Sudeley Castle is a beautiful castle in Gloucestershire, once the marital home of Lady Eleanor Talbot (Boteler) and once owned by Richard III, who built the banqueting hall, although most famed for being the burial place of Henry VIII’s last wife, Katherine Parr.
So great are the attractions of the castle that many visitors miss out on the attractive nearby village of Winchombe and the interesting church of St James, which has many connections with the Boteler family.
The original church on the site was raised in Saxon times; later, there was a 12th century building raised on the site, but by the 15th c it had grown ruinous. It was completely rebuilt in 1452-62 by Ralph Boteler, Lord Sudeley, the local Abbot, two churchwardens and the Town Bailiff. Ralph Boteler’s ancestors were buried in the earlier church’s ruins so he was eager to build a chantry chapel for them, and for the use of his family.
At the time the church was rebuilt, the area in which is stands looked very different to today. It stood in the shadow of a large monastic building–Winchcombe Abbey, which was completely destroyed in the Reformation. Not one stone of the Abbey remains visible today above ground, although several stone coffins from the abbey now lie in the present church and one of the doors bears the initials of the last Abbot.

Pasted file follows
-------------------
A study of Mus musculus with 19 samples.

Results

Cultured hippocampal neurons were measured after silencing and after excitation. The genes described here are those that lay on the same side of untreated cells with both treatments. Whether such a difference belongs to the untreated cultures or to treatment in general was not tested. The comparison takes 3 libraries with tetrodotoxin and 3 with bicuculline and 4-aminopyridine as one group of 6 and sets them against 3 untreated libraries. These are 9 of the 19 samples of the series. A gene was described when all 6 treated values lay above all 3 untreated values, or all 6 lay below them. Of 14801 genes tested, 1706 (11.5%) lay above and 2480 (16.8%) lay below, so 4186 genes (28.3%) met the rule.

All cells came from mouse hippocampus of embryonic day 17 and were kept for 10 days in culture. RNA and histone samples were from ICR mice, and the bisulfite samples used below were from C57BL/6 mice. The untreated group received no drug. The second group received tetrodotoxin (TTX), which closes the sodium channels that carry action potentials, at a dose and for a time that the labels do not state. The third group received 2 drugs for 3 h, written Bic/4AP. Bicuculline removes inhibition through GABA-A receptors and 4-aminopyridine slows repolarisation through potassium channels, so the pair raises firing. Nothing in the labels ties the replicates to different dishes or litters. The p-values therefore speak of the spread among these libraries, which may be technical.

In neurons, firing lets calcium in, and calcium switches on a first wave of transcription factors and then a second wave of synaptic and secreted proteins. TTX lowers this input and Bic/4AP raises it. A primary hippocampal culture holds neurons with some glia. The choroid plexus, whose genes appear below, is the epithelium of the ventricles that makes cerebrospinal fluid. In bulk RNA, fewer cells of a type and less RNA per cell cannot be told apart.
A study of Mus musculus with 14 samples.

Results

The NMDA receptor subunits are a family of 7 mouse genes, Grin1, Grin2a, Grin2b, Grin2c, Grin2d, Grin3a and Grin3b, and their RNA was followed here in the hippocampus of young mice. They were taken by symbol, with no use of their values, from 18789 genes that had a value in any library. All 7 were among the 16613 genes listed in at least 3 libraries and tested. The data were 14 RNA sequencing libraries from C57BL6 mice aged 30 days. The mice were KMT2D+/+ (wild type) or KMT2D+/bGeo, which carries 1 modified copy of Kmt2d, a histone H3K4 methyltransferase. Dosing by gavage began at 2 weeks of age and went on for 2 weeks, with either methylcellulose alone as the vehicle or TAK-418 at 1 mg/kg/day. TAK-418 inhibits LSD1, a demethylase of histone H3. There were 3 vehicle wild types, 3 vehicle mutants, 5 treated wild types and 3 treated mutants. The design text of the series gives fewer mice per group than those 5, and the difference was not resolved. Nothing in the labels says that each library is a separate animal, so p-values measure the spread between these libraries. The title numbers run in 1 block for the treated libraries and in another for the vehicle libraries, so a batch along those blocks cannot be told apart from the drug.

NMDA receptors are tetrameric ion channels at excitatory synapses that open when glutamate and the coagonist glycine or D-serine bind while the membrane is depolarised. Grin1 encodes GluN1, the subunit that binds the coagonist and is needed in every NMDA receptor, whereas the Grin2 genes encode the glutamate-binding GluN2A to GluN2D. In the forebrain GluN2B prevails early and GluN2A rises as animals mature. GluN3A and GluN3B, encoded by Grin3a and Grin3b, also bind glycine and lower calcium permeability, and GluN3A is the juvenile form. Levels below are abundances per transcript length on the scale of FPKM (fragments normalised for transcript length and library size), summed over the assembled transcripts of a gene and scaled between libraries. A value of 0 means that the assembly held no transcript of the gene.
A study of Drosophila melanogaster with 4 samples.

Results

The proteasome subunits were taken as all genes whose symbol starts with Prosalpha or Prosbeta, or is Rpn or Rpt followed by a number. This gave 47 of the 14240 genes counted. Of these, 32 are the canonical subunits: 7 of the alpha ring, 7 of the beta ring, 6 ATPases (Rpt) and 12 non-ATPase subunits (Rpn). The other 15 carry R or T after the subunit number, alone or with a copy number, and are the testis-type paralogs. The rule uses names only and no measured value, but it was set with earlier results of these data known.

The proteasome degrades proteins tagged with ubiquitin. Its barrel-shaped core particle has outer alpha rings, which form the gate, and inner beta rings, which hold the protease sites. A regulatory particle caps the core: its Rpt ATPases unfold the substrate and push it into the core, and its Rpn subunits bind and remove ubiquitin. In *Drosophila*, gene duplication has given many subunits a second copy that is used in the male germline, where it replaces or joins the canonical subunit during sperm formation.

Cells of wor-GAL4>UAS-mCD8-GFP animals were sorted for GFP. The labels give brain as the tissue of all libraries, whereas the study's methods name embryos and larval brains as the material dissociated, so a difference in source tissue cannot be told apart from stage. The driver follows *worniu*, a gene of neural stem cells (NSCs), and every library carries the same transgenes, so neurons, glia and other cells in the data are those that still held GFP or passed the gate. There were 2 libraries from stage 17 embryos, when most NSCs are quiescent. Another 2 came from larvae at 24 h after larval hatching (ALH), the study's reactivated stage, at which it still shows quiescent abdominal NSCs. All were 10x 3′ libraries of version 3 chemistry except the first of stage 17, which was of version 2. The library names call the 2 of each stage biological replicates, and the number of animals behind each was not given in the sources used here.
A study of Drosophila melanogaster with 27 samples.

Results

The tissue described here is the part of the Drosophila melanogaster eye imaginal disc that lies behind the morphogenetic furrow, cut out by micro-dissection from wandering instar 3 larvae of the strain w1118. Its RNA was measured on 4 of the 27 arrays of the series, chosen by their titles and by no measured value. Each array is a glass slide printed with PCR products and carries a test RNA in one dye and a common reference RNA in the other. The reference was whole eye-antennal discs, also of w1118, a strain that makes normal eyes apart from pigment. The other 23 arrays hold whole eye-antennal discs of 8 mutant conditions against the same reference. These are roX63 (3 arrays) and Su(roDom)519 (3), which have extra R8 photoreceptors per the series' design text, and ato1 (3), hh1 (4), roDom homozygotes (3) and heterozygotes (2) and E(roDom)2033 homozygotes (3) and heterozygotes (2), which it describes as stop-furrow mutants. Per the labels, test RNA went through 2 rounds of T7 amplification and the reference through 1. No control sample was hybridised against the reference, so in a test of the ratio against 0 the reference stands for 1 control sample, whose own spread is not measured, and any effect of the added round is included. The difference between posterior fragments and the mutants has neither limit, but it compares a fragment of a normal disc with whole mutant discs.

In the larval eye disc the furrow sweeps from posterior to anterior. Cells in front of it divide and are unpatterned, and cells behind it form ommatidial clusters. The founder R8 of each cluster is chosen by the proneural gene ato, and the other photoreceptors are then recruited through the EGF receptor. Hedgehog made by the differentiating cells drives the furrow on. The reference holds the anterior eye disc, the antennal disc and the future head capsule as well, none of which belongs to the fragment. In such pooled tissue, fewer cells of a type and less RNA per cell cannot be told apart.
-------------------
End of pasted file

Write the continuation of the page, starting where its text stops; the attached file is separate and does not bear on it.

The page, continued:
The church is locally famous for the large numbers of unique grotesques set around the roofline. They are extremely large and humorous and are thought to represent those connection with the 15th c rebuild, including a moustached, widely grinning Ralph Boteler and his wife first Elizabeth (his second wife, Alice Deincourt, it might be noted, was Francis Lovell’s grandmother via her first marriage) The guard the porch, with its centrepiece of a winged angel holding a shield bearing the Boteler coatof arms. Ralph and Elizabeth’s only son Thomas Boteler, the first husband of Eleanor Talbot, is also thought to be reprented on St Peter’s. Thomas, holding an expensive short sword, is on the northern side of the building, gazing rather fiercely out in the direction of the castle. Sir Ralph’s image may appear a second time above the now-vanished vestry at the eastern end of the building; here, he wears a baron’s cap and carries a Sword of State. (Ralph was Henry VI’s standard-bearer.) These carvings are not the most famous of the grotesques, however–that honour goes to the Town Bailiff, who is wearing an extraordinary hate and pullin a face–he is said to be the inspiration for the illustrations of Lewis Carroll’s Mad Hatter! Other figures include men with dogs who may be the churchwardens, a man with a fiddle, a singer, a labourer, and a Master Mason, who may be Robert Janyns, who was the architecht of Merton College in Oxford.
The interior is worth a visit too–the Lady Chapel was once the Chapel of St Nicholas and was the Boteler family chantry. No tombs now remain unfortunately, but on the other side of the church there is a truncated chancel screen which is 15th c. There is also a glass seraphim from arond 1450 in one of the windows, and behind a curtain, the church’s treasure–an altar cloth made of vestment orphrey between 1460-70. The colours still remain vibrant and the images clear even today.